Astral Media wants to bring digital advertising to Toronto's streets.

Photo by AshtonPal, from the Torontoist Flickr Pool

Photo by AshtonPal, from the Torontoist Flickr Pool.

Right now, you’ll only find printed ads on the sides of Toronto’s transit shelters, but some of those posters could be replaced by monitors in the near future. It’ll happen if Astral Media, the advertising company that provides the City with its street furniture, gets its way.

Astral is required, under its 20-year agreement with the City, to provide over 25,000 individual pieces of street furniture (meaning things like benches, trash cans, bike lockups, and of course, transit shelters) in exchange for the exclusive right to sell advertisements on some of them. The company is now asking for an amendment to that agreement, to permit the use of electronic advertising panels on shelters. Right now, only non-electronic ads are allowed.

These electronic ads would be backlit, digital signs, installed in the side panels where the poster ads currently go. Astral’s request will go before the City’s public works and infrastructure committee on April 10. If approved, it would still need a final go-ahead from city council. It’s not clear how widespread the new ads would be.

According to a report by City staff, Astral’s electronic ads would be designed not to be particularly annoying. They would be what’s known as “static electronic copy,” meaning no moving or blinking. The effect would be more like a slideshow: a series of different ads would appear in succession, no less than ten seconds at a time. From Astral’s perspective, some advantages would be a reduced need to print and install posters, and more ability to sell individual ad spaces to multiple advertisers. Astral has told the City that the electronic ads would be no brighter at night than the fluorescents that illuminate poster ads.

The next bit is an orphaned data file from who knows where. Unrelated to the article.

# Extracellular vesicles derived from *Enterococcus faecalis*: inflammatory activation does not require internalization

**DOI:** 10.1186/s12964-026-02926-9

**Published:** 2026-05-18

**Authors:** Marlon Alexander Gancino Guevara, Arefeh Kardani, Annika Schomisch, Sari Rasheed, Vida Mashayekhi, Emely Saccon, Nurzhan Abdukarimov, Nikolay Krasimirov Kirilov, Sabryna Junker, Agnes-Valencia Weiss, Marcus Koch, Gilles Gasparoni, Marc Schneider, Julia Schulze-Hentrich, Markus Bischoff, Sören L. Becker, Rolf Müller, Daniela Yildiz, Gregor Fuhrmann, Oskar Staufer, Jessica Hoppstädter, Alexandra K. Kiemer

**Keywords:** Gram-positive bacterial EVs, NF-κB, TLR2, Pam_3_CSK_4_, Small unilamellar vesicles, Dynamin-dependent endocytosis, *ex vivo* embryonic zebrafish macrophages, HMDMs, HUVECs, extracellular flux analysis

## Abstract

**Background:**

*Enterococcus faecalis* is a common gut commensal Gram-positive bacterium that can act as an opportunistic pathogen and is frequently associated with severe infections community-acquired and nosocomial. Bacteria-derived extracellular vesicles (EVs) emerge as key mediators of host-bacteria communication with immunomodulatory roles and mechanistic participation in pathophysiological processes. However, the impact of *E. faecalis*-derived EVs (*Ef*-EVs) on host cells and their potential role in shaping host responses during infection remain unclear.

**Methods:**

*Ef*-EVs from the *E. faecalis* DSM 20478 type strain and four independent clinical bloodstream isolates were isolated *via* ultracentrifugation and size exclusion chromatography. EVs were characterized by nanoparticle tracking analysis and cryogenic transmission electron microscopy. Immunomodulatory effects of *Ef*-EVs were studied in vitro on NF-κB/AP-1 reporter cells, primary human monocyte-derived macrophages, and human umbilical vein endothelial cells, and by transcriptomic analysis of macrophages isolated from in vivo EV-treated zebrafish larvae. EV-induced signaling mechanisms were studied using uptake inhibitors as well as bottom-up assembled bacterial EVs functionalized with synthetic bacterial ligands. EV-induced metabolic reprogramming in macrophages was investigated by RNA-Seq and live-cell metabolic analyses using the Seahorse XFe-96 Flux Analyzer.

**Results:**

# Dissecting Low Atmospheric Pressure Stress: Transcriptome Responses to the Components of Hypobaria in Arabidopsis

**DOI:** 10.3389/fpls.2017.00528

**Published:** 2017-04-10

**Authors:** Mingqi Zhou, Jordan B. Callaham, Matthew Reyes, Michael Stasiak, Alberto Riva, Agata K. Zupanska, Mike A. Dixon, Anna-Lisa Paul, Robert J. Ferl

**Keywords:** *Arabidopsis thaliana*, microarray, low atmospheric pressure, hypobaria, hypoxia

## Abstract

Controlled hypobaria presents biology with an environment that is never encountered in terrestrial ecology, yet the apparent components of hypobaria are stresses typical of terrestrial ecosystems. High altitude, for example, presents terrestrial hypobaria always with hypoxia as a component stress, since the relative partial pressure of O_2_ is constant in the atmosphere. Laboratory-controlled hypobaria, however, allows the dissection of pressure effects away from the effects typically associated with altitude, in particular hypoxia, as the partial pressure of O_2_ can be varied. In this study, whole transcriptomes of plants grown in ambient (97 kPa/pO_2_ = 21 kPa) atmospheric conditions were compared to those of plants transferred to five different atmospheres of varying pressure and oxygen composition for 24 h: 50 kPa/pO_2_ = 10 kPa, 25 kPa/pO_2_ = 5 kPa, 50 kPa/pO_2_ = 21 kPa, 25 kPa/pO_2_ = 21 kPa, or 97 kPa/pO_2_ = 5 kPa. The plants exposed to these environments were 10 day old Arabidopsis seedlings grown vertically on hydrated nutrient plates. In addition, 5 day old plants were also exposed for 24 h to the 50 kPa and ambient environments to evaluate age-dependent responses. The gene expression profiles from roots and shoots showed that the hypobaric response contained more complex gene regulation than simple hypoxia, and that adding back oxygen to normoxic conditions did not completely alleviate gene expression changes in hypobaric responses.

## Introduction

This wouldn’t be the first time the City has amended its deal with Astral. Different problems with installing the new street furniture have necessitated other changes to the original plans, one of them being the often-derided revised “InfoPillar” design, which has been criticized for being advertiser-friendly at the expense of usefulness.